The name “triangle” means, sensibly enough, “three angles” and indeed every triangle has three angles and three sides:

This much is hopefully familiar. But just as with circles, there are many special terms people have devised for triangles. When it comes to the sides of a triangle, we can have:

Equilateral Triangles: All sides have the same length.

Isosceles Triangles: Two sides have the same length as each other; the third has a different length.

Note that in an isosceles triangle:

Equal Sides Have Equal Angles: In an isosceles triangle, the angles opposite from the sides of equal length must have equal degree.

Thus, in the below diagram:

angles \alpha and \theta are equal.

Scalene Triangles: All of the sides are of different lengths.

We can also classify triangles according to their angles:

Acute Triangles: All angles are less than 90 degrees.

Right Triangles: One angle is exactly 90 degrees.

We use a square to mark a 90 degree angle.

Right triangles have lots of special further features which we will talk about here.

Obtuse Triangles: One angle is more than 90 degrees.

Now, we can also compare two triangles to each other. We can say that they are:

Similar: Two triangles are similar if their angles have the same values.

So in the above diagram, even though one of the triangles is obviously bigger than the other, we can say that they are “similar” (in the technical, mathematical sense defined above) because their angles have the same values. And the definition makes sense since, after all, those two triangles do look pretty similar (in our ordinary, day-to-day sense)!

These triangles are also similar to one another; it doesn’t matter if you rotate or flip the second triangle. All that matters is whether the angle values for the two figures are the same.

The reason why we care about the similarity of triangles is:

Similar Triangles Share Proportions: If two triangles are similar, then there is some constant ratio you can multiply the sides of one triangle by in order to get the sides of the other triangle.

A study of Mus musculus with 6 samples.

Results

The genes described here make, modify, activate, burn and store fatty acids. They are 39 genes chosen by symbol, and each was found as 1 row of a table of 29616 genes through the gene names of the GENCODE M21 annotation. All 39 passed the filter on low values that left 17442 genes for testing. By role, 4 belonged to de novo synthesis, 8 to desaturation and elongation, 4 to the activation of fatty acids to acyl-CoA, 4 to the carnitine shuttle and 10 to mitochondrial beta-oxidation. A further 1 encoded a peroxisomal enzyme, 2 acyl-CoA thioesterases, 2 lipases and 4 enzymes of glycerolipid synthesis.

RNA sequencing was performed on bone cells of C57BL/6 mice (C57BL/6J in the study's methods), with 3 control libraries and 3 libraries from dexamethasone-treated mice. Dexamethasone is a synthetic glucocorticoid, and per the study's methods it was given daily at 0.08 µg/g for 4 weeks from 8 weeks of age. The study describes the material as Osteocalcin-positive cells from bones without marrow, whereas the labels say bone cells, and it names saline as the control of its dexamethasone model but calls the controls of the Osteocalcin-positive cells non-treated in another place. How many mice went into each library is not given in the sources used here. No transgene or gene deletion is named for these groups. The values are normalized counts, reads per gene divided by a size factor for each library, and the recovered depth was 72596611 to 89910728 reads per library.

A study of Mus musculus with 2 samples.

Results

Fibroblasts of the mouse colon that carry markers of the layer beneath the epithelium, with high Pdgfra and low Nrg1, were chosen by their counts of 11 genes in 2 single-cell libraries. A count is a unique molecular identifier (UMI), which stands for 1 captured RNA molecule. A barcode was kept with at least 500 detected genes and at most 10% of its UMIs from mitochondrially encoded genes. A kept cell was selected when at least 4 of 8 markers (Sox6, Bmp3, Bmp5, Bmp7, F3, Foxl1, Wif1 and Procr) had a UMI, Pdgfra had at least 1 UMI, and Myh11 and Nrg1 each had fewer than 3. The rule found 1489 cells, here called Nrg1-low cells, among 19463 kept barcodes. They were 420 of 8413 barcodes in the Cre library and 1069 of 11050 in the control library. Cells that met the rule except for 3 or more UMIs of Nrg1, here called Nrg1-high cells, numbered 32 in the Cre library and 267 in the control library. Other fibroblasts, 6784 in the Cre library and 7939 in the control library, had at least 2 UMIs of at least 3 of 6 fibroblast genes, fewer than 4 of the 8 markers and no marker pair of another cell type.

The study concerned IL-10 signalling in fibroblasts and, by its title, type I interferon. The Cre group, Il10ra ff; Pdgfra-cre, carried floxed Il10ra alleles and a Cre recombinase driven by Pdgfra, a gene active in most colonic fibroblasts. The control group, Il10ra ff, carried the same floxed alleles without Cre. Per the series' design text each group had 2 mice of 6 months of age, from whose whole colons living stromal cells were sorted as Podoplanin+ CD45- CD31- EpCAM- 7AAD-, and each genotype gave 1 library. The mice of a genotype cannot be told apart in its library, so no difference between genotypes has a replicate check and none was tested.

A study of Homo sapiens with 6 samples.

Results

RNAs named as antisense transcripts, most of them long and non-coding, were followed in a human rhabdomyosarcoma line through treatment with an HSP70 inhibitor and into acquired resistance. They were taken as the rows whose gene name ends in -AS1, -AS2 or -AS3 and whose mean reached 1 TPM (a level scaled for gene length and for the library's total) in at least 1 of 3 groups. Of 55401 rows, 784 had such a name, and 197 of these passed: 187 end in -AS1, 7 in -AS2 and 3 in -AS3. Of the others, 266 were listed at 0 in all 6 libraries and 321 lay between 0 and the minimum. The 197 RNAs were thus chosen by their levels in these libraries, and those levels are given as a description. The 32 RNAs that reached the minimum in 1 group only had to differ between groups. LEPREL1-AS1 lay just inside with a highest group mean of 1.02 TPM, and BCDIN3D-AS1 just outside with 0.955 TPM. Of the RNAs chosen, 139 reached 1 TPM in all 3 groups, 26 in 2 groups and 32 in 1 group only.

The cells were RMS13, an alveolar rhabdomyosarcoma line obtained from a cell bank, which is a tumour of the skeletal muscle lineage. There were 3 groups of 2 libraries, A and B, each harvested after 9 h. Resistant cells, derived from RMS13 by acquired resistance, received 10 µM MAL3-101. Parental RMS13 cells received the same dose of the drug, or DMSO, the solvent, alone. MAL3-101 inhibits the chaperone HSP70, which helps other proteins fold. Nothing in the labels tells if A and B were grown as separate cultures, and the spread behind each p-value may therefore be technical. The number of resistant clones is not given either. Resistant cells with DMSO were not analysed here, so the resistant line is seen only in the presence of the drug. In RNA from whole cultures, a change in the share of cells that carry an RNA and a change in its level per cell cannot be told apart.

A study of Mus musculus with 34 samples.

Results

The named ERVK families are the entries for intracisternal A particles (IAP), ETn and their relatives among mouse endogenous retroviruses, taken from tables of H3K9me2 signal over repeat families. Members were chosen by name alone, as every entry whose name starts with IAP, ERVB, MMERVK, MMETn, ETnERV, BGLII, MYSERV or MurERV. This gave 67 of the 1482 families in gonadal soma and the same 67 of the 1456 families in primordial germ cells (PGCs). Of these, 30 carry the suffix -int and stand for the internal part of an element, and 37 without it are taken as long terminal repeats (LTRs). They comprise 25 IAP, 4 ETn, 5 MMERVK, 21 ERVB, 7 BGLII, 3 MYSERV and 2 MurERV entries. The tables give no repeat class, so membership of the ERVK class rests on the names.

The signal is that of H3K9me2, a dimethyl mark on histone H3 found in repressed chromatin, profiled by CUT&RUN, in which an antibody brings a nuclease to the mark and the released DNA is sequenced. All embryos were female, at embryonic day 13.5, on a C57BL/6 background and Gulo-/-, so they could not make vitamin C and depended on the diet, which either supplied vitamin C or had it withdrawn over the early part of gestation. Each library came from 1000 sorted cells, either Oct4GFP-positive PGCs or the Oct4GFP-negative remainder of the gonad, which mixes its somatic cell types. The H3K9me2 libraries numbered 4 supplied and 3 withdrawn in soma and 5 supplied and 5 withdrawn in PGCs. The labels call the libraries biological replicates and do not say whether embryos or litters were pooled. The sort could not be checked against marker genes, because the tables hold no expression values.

For example, if the following two triangles are similar:

then there is some constant, call it r, such that:

    \[ar = A\]

    \[br = B\]

    \[cr = C\]

This can be very helpful in trying to find certain side lengths or the area of a triangle as we shall see.

Congruent: Two triangles are congruent if their angles are the same and their sides are the same length.

You can think of congruence as signaling that those two triangles are effectively the same triangle. The lines are the same length, the angles are the same, the area is the same, and so on.

And again, it doesn’t matter if you rotate or flip one of the triangles. It is still true that their angles and side lengths are the same, since rotating or flipping a shape won’t change any of that.

Now, when it comes to finding the area of a triangle, you need to know the base of the triangle and its height. The base can be any side of the triangle, but the height needs to extend perpendicular (at a right angle to) the base, and reach the highest point of the triangle, away from the base, like so:

Traditionally, we use b to denote the base and h to denote the height. Thus, we get:

Triangle Area Formula: \frac{1}{2}bh

Finally, we note two fundamental facts about triangles:

Angles of a Triangle Sum to 180: For any triangle, the sum of its interior angles is 180 degrees.

Triangle Inequality: The sum of the length of any two sides of a triangle is greater than the length of its third side.

Practice Problems:

1. Find the value of \theta.



2. Find the value of \theta.


3. A triangle has legs that are 4 and 7 units long. What integer values are possible for the third side?